1928 Ford Model "A" Die Cast Issues & My Fixes

The following are problems and issues I found with the JLE Scale Models 4007 1:20 Scale Ford Model 'A' Town Sedan Die Cast model kit and how I fixed them or modified the kit. This was the first time, and will most likely be the last time, I ever build a die cast kit. It isn't a bad kit. I just don't like working with die cast.

  1. Engine assembly. The head did not fit well at all. I had to machine the head and block to get it to fit even remotely level, and then there was still a gap present between the head and the block.
  2. This is not actually an issue or problem but is worth mentioning:

    My spray booth does not vent to the outside world and therefore I use all water based acrylics. Even after cleaning all the parts with 000 steel wool, washing them with IPA and letting everything dry, then applying two coats of Vallejo 74.615 USN Light Ghost Grey Primer the finish coats of either Vallejo or Tamiya acrylic paints would not properly adhere to the surface of the die cast. Great care had to be taken because the paint would easily scratch off down to the die cast metal.
  3. The screws do not hold the parts together very well. Even after tightening them as much as possible, there was still some play at the connection. I solved this by using Loctite on those joints.
  4. There were two screw joints that caused me the most trouble. The screw that held the radiator in place could not be made tight enough and when the radiator hose was installed, the elasticity of the hose was enough to push the radiator forward, making it lean to the front. This was solved by positioning the radiator to the correct location and applying Loctite. The screw that holds the dashboard in place also did not tighten enough to firmly hold the dash in place. I again properly positioned the dash and used Loctite to secure it place.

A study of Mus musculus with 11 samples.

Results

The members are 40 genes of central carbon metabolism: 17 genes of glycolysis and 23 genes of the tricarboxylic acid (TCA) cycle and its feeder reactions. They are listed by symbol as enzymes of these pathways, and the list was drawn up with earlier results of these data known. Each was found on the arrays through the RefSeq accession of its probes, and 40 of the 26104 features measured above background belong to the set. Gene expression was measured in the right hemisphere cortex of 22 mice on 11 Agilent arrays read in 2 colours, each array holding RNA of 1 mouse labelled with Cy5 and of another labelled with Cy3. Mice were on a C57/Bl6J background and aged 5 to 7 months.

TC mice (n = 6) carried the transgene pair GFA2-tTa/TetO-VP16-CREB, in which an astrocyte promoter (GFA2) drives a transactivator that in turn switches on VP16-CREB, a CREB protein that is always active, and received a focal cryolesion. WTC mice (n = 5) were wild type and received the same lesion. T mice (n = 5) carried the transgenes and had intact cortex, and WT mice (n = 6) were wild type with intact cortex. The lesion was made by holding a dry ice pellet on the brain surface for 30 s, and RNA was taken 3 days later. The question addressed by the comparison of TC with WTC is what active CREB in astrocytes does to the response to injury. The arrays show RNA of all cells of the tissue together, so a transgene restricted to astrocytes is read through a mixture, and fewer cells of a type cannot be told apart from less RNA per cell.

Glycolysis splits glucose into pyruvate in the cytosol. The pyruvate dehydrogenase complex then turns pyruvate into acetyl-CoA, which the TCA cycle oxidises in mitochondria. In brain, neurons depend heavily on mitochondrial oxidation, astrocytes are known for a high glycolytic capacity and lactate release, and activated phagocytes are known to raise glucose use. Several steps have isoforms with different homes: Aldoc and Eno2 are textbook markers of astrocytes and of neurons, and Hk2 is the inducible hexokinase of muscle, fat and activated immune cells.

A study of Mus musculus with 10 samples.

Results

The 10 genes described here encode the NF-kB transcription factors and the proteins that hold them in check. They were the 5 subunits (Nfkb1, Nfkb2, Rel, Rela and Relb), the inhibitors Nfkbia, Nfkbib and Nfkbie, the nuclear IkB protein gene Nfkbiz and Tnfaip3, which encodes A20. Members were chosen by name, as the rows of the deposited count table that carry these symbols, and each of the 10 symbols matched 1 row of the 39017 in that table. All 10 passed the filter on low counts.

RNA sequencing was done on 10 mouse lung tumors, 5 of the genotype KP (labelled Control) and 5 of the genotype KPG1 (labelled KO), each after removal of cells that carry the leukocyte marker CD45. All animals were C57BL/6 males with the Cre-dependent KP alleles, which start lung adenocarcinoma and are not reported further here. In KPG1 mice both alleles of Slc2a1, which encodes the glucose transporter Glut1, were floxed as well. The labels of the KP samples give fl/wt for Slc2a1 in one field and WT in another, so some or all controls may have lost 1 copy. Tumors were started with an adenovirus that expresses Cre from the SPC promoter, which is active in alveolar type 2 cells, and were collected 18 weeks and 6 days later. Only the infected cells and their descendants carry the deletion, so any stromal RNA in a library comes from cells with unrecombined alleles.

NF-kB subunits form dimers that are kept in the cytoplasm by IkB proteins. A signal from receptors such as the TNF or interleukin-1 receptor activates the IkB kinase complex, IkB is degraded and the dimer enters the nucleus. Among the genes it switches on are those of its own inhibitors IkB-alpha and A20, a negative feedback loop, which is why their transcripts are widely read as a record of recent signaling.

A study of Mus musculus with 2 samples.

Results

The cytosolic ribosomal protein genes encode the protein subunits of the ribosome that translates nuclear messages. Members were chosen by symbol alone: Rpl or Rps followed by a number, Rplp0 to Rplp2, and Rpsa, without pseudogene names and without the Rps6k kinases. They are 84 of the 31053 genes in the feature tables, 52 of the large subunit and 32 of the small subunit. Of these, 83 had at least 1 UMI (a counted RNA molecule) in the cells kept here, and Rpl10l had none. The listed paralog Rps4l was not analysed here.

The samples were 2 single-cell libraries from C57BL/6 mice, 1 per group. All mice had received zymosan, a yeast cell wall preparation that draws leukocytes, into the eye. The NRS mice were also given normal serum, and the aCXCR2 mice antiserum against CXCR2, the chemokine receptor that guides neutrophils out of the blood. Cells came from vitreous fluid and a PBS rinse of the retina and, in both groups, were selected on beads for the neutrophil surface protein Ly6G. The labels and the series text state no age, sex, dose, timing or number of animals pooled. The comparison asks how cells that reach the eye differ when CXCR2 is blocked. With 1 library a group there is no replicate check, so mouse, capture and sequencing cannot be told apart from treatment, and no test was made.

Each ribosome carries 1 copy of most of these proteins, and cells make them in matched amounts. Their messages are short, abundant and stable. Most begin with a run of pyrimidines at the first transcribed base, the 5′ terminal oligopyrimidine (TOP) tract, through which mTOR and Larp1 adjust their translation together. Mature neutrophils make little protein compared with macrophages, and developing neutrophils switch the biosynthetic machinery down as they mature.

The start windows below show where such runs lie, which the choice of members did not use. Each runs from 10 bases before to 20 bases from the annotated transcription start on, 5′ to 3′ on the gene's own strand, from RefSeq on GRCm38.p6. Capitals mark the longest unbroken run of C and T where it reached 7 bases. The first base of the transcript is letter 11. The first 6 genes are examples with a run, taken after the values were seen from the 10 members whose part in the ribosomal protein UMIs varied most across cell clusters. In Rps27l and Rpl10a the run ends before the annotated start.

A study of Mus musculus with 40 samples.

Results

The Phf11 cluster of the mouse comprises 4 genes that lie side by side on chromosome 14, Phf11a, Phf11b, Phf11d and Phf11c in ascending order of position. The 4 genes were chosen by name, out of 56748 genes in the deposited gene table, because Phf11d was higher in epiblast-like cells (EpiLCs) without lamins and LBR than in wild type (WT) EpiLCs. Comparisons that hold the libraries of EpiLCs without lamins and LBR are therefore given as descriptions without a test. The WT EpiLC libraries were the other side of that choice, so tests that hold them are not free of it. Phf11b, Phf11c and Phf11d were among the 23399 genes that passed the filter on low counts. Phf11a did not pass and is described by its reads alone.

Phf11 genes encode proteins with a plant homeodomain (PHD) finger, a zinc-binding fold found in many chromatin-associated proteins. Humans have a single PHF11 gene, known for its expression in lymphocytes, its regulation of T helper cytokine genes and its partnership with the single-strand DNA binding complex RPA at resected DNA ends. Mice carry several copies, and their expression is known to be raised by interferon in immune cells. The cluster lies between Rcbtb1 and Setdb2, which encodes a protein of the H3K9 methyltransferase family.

5. Not all the holes in the fender assembly were drilled. The dimples were there; however, the holes were not. I used a #42 (0.093") drill to drill them open.
  6. The fender assembly also had to be drilled for the transmission coupling to the shifter to protrude through the floor. I used a #1 (0.228") drill to drill that open.
  7. When assembling the two body halves there is only one screw on the firewall to hold the halves together. The right side of the body should have an "ear" with a clear hold in it that screws into an ear with a hole on the left half. The ear on the right half did not mold and was therefore missing, so that screw holds nothing. As before, I used Loctite along the seam of the body to secure it tegether.
  8. The holes for using the "B" and "C" screws were much too small. I drill them open with a #46 (0.081") drill.
  9. The rear seat screw post did not line up with any of the fender assembly holes. It is basically just press fitted in location.
  10. The headlight mounting bar needed some slight modification on the left side to fit it into the fender.
  11. The hood does not properly fit and although I think is can be made to fit, I did not take the time to machine the parts.

All-in-all, this was an interesting build and I think it looks good when completed. It was my first attempt at building a die cast model and again...I'm sure it will be my last. It's a nice kit, but working with die cast is just not my copy of coffee.